Stormwater Management: The Flow Restrictor Solution

In Evanston, Illinois, city managers found a new way to manage stormwater, decrease overflows and prevent basement backups — all while saving money.
Stormwater Management: The Flow Restrictor Solution
Evanston, Ill., has taken a different approach to stormwater management.


To deal with stormwater overflows, cities across the country are separating combined sewers and digging new storm sewer lines — at a considerable expense.

Not so in Evanston, Ill. The city has taken a different approach, installing Reg-U-Flo flow restrictors from Hydro International in alley and street drainage inlets to its combined sewer system, which prevents the combined system from overloading during heavy rains.

The stormwater that stays on the street due to the inlet restrictors can flow down the street for up to two blocks where it is intercepted by high-capacity inlets that flow directly into the relief sewer system.

The approach is working and saving money over installing separate storm sewers throughout the city.

“The flow restrictors have really protected our basements from backups,” says Dave Stoneback, Evanston utilities supervisor. “They cause stormwater to stay on the street and move about two blocks to drains to our relief storm sewer system.”

Restricting the flow
The flow restrictors are self-activating valves that use vortex principles to control and slow the runoff rate of stormwater without the need for moving parts or external power requirements. The units are usually applied to manhole sidewalls or drainage structures.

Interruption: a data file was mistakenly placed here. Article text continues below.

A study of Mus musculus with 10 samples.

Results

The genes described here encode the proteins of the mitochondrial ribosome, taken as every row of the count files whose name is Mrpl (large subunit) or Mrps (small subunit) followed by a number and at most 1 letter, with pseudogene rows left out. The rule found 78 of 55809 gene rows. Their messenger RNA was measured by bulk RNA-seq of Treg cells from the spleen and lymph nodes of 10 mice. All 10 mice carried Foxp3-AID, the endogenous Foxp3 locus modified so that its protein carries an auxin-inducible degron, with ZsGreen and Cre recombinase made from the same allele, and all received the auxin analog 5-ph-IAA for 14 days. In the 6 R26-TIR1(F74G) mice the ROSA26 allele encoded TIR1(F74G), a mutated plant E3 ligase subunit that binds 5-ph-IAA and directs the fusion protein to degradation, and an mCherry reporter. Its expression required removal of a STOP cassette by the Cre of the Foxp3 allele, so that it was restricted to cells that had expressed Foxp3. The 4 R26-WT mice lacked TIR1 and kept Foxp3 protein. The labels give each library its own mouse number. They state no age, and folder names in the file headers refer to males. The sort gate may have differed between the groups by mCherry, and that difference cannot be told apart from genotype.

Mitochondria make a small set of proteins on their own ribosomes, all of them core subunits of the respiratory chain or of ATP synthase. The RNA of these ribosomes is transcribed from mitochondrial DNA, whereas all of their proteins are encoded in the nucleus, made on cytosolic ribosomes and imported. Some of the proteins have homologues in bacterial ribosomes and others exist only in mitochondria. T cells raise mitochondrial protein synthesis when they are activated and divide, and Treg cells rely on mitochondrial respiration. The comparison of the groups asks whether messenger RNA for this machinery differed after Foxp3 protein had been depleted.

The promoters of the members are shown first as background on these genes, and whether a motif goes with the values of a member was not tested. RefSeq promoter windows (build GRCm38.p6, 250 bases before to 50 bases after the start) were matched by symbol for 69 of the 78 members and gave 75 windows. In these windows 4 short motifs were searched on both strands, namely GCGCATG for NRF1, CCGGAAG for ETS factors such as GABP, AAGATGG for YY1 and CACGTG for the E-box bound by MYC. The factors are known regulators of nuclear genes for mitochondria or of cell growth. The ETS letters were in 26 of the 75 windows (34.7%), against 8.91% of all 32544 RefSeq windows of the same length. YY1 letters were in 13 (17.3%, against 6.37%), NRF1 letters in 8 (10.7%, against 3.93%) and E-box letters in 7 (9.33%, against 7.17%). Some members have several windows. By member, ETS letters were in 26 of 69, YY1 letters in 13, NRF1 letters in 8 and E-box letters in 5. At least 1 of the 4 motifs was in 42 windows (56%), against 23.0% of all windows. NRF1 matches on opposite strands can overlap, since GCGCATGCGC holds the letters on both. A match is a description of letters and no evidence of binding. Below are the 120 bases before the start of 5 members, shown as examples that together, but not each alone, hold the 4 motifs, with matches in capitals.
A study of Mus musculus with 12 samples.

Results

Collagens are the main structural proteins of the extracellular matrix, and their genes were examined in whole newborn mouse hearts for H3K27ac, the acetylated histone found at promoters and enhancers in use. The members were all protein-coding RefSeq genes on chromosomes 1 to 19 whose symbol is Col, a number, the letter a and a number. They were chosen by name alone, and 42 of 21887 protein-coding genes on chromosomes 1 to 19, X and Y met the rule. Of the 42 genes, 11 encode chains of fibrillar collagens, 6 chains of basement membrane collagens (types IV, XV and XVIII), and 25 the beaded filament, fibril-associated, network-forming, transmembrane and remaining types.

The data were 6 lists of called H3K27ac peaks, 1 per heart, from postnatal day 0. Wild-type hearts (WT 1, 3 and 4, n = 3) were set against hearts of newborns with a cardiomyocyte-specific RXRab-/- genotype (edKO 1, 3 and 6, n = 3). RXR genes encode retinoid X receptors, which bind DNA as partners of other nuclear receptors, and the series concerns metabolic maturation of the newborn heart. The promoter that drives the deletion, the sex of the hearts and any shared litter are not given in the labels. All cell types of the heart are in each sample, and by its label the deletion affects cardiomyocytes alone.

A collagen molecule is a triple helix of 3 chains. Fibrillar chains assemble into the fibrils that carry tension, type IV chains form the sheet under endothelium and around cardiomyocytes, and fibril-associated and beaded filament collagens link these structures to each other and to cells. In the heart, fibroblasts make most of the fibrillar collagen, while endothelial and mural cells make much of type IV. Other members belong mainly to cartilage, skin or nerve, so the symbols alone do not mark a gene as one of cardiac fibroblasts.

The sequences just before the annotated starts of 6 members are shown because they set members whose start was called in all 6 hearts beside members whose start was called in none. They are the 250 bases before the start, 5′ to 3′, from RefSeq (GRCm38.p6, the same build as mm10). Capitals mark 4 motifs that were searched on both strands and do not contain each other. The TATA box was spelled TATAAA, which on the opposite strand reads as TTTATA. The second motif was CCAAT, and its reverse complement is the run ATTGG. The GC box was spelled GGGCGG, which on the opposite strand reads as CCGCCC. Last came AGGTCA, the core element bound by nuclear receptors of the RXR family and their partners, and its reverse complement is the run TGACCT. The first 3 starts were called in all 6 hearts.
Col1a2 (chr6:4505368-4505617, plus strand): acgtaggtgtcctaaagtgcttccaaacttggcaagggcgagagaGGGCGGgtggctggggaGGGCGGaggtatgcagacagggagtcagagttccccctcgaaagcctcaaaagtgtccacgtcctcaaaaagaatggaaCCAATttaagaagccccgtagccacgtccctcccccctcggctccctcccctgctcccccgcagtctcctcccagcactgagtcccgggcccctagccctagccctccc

Under low or normal flow conditions, the Reg-U-Flo valve unit provides a relatively large orifice that lets stormwater pass directly through the valve and discharge to the combined sewer system.

As flow increases during a period of heavy runoff, however, the water enters the valve and is spun — in a vortex swirling motion — by the valve’s interior design. As flow increases, the spinning action speeds up and the air core inside the valve expands, throttling the flow of water. As a result, discharge from the valve is restricted or reduced.

“The valve slows the flow while maintaining a larger opening compared to traditional flow restrictors,” says Phillip Taylor, stormwater solutions specialist with Hydro International. “The water is restricted but debris such as leaves passes through. It doesn’t end up plastered to the side of the valve.”

The restrictors are fairly common for stormwater applications in the U.K., where they are written into stormwater management software. But they are relatively new in the United States, Taylor says. They have been used previously in wastewater, but new U.S. stormwater discharge regulations are creating new applications, such as the one in Evanston.

The Reg-U-Flo valves have traditionally been custom-made using 304 stainless steel, but Taylor points out that a newer model using high-density polyethylene is now available, reducing cost.

The valves are not cheap, Taylor says. However, they have multiple applications and can offer considerable advantages when compared to orifice plates in a cost-benefit analysis.

Evanston application
Evanston is one of the leaders in applying the Reg-U-Flo restrictors. According to city information, the flow restrictors are installed in hundreds of alley and street drainage inlets and are connected to the combined sewer system to prevent overload during moderate and extreme rainfall events including the 100-year design storm.

This provides basement backup protection under nearly all situations, according to the city. The water can stay on the street for about two hours until it drains away into the relief sewer inlets.

“What Evanston is doing,” says Taylor, “is reducing or delaying the peak flow that hits the [sewer] pipe, and temporarily holding water upstream [on the street]."

Stoneback credits the flow restrictors with protecting the city’s basements. “They keep the stormwater on the street and divert the water to our relief sewers,” he says. “They’ve worked well.”

Maintenance has been normal, according to Stoneback. Crews use a two-part device that fits into the outfall pipe and pulls the vortex head up to the street for cleaning.